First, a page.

Redefining the High End: Ritz-Carlton's Luxury Meetings Forum

The word “luxury” just could be one of the most abused words in the hospitality lexicon. That was one of the conclusions made by panelists at the third annual Ritz-Carlton Luxury Meetings Forum, held November 8 to 11 at the Ritz-Carlton Orlando.

Forum panelists addressed topics ranging from personalizing the luxury meeting experience to catering and themed-dining trends. In a discussion of the changing definition of luxury in today’s meeting and incentive market, Ritz-Carlton Orlando General Manager Mark Freland concluded that the word is highly overused these days. "Luxury has evolved in recent years. It used to be solely based on material things--fixtures and amenities--but now, I believe it has a lot to do with high, sometimes over-the-top service levels and the anticipation of what a guest needs and wants.”

Most panelists concurred that dining was a key component of a luxury meeting or incentive. “The dining events have to be memorable,” said Michelle Caporicci, senior corporate director of meetings and special events for the Ritz-Carlton Hotel Co. “With the Food Network and Fine Living Channel, people are more aware of different culinary experiences and they’re seeking those in a luxury event itinerary.”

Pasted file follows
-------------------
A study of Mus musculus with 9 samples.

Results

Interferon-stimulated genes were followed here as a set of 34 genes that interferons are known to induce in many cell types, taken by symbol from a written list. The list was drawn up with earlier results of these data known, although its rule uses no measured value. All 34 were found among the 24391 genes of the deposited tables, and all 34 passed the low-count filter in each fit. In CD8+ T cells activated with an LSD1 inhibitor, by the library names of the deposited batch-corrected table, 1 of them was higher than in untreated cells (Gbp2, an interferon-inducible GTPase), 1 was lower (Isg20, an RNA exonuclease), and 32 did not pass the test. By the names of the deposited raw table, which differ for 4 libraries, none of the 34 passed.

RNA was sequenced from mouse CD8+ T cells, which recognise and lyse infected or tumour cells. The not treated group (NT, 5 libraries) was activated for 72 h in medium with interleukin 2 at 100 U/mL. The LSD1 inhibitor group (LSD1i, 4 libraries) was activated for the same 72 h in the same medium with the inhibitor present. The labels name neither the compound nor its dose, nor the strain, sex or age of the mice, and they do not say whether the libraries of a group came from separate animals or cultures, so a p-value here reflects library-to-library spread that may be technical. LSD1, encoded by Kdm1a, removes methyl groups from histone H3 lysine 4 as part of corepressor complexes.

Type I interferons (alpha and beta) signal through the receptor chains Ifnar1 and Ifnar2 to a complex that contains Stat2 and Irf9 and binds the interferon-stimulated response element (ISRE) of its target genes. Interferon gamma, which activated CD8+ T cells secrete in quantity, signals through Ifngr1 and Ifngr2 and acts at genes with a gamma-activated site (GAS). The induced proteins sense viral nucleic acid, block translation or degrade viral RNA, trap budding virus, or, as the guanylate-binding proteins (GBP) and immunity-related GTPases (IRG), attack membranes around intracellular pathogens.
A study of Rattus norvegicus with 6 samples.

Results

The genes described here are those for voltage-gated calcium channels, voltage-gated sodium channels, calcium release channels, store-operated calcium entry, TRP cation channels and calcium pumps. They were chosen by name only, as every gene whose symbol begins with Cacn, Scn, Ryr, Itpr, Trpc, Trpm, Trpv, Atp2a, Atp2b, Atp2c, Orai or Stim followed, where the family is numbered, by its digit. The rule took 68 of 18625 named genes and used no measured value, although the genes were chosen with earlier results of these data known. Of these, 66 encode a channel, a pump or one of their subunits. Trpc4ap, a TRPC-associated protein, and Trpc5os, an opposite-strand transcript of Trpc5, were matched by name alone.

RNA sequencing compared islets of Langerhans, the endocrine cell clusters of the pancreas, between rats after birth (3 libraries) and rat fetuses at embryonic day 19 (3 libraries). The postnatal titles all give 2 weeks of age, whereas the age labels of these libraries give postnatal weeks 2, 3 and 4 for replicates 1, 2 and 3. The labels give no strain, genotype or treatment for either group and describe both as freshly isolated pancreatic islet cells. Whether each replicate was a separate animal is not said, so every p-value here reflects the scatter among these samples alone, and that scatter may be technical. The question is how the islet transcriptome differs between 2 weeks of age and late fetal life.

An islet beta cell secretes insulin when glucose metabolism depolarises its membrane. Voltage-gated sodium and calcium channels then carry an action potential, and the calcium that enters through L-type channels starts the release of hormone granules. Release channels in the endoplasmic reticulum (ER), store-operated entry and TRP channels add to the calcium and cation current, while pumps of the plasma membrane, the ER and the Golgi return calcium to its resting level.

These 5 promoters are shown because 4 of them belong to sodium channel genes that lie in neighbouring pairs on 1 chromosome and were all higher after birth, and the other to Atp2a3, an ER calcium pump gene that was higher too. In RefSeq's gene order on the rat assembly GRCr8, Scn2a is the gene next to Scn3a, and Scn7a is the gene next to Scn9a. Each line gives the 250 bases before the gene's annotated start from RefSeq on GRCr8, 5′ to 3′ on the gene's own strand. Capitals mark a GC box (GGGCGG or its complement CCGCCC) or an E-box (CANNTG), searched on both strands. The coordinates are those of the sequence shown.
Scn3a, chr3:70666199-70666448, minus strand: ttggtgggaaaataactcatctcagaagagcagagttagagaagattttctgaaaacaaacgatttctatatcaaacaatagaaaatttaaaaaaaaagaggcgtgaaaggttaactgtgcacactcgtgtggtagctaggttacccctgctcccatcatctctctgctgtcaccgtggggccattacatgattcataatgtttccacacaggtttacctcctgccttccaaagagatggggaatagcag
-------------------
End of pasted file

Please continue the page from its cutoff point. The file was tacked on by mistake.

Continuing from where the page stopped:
Andrea Strauss, president of Classic Conferences Inc., Hackensack, N.J., agreed. “Luxury guests are seeking menu items that can’t easily be prepared at home, and they want restaurant-quality cuisine in a banquet setting.” Other F&B trends include programs designed to not waste food, healthy food alternatives, luxury comfort foods, and a huge increase in special requests.

In addition to Freland, Caporicci, Strauss, and members of the press, participants in the three-day event included: Chris Gabaldon, vice-president of sales, Ritz-Carlton Hotel Co.; John Hart, director of meetings and special events, The Ritz-Carlton Orlando; Mark Wells, director of creative services, Hello Florida (Grande Lakes Destination Services); Sean Woods, executive chef, The Ritz-Carlton Orlando; Tami Corday, associate director of meetings and special events, The Ritz-Carlton Orlando; and Jennifer Schuster, manager of sales and marketing, Global Planners, Bordentown, N.J.

The 584-room property is set in the 500-acre Grande Lakes Orlando resort complex, alongside the 1,000-room JW Marriott, with amenities such as a 40,000-square-foot spa, 18-hole Greg Norman golf course, three restaurants, and 46,985 square feet of meeting space.